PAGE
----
Step 1 – get your eligible kilometres right
When preparing the eligible kilometres section of your claim, ask yourself the following questions:
1. Do you know your Commercial from your Tendered mileage?
Since the devolution of BSOG for tendered operations to Local Authorities back in 2013, operators have been required to separate out the eligible live and dead kilometres on their year-end return between commercial and tendered. Given the significant difference in the BSOG rate between commercial and tendered operations (34.57p / litre) it is essential that you correctly allocate mileage between the two categories.
We regularly identify instances where operators incorrectly classify deminimis arrangements and section 106 funded operations as tendered, rather than commercial, and as such understate their claim. We identified one such incident recently whereby the claim was subsequently increased by £50k.
Tip – prior to completion of the claim form, review your Local Authority contracts to identify all those operations that are actually tendered, ensuring that deminimis and s106 are treated as commercial for BSOG purposes.
2. School services – how do you register yours?
Following a complete review of the eligibility of school services, the DfT introduced an additional requirement that all such services must be registered solely as “normal stopping” in order to be claimable for BSOG.
Operators often forget this and register services as “school / works” (which should only be used for closed-door contracts) rendering them ineligible for BSOG. Earlier this year an operator was unable to claim for a school service due to this oversight, costing the company £7k in lost BSOG.
Tip – check the DVSA website to ensure that your eligible school services are registered as “normal stopping”. If they are shown as “school / works” or “limited stop” then contact the Traffic Area Office for the registration particulars to be updated as soon as possible.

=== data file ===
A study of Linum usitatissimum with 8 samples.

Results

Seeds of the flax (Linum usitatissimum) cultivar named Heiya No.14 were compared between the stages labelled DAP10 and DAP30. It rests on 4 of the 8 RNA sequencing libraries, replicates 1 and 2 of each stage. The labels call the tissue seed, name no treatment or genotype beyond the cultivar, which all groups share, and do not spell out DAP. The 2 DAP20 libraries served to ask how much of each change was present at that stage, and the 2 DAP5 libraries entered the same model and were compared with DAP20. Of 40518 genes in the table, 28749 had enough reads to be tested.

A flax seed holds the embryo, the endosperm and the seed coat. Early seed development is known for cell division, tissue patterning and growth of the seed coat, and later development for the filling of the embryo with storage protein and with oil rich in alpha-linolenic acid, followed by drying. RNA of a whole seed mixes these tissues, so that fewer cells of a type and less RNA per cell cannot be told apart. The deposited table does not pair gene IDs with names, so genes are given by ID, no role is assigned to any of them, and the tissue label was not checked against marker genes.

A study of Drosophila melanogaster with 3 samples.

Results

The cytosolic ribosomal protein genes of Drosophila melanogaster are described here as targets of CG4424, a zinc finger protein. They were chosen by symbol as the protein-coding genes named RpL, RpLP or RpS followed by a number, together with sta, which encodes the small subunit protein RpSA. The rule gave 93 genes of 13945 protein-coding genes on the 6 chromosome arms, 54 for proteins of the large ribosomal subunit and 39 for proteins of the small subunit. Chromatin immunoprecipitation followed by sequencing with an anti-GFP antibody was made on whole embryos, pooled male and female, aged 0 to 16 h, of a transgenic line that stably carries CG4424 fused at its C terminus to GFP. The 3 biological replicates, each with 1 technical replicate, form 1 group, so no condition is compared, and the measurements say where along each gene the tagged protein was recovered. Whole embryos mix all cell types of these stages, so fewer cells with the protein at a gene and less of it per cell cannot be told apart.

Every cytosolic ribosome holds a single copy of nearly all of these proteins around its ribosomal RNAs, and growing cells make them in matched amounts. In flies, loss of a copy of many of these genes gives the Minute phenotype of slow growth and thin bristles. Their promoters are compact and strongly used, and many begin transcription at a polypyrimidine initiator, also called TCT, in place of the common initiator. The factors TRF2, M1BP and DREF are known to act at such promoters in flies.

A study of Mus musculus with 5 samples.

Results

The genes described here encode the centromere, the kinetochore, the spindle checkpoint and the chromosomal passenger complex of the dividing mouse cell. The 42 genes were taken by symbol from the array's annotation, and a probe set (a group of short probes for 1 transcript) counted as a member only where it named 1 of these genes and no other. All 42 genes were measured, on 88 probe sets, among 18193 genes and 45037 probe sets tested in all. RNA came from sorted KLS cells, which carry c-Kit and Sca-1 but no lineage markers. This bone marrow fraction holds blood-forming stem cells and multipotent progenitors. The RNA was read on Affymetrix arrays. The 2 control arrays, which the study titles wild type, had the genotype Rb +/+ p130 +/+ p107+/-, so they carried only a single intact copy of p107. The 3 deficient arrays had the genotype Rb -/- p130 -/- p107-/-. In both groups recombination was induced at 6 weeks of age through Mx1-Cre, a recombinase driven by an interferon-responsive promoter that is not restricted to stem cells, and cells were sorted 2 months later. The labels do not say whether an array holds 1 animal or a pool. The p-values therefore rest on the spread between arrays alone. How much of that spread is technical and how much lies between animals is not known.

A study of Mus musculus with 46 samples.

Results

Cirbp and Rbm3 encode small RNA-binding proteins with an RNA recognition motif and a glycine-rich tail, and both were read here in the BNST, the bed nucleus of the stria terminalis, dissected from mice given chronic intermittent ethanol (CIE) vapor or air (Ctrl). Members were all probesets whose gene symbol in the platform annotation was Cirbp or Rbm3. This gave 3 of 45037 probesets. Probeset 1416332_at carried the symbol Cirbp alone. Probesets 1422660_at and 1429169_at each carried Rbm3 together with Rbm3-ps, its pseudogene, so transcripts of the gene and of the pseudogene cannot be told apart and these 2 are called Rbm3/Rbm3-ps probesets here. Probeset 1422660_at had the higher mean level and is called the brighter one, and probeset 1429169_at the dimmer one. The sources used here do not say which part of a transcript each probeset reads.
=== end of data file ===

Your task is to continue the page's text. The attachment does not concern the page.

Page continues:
3. Is your information up to date?
On receipt of the PSV311 claim form, the DfT will check the service registration details on both the previous return and the DVSA website. Where the details cannot be agreed, queries will be raised, delaying the settlement of your claim.
EPM are ensuring that all our estimate and certified claim submissions are submitted with a comparator schedule, which compares the submitted data with the previous year’s submission; providing explanation for the changes. This has significantly reduced the level of queries being raised by the DfT.
Tip – ensure that the registration details on your return are complete and up-to-date to avoid delays and the cashflow implications this brings. By updating the EPM Traffic system this information will be reported automatically on both the year end return and the estimate submission.
4. What about the ‘gained’?
There’s great emphasis on operators to capture lost mileage not only for BSOG purposes, but also as a KPI to measure reliability. However, many fail to record the consequential gained mileage that often results from breakdowns, changeovers, etc. – thereby understating their claim.
Tip – as part of your lost mileage recording, introduce a process which at the same time captures the additional mileage for inclusion in your BSOG claim. For users of EPM Traffic, the system automatically prompts for entry of the additional mileage, storing a database of common journeys and a complete audit trail in the event of an inspection by the DfT.
5. How accurate are your mileages?
For users of electronic scheduling systems, the incorrect tracing of a route or an input error can have a huge impact on the route mileage, resulting in an incorrect BSOG return.
Tip – users of the EPM Traffic system have automatic access to the Schedule Audit Tool, which performs several tests to check the integrity of the mileage in the schedule – whether this is from Omnibus, Trapeze, Austrics, Optibus, etc. Every time a new schedule is produced, the SAT programme should be run, anomalies investigated and where necessary the schedule updated before processing.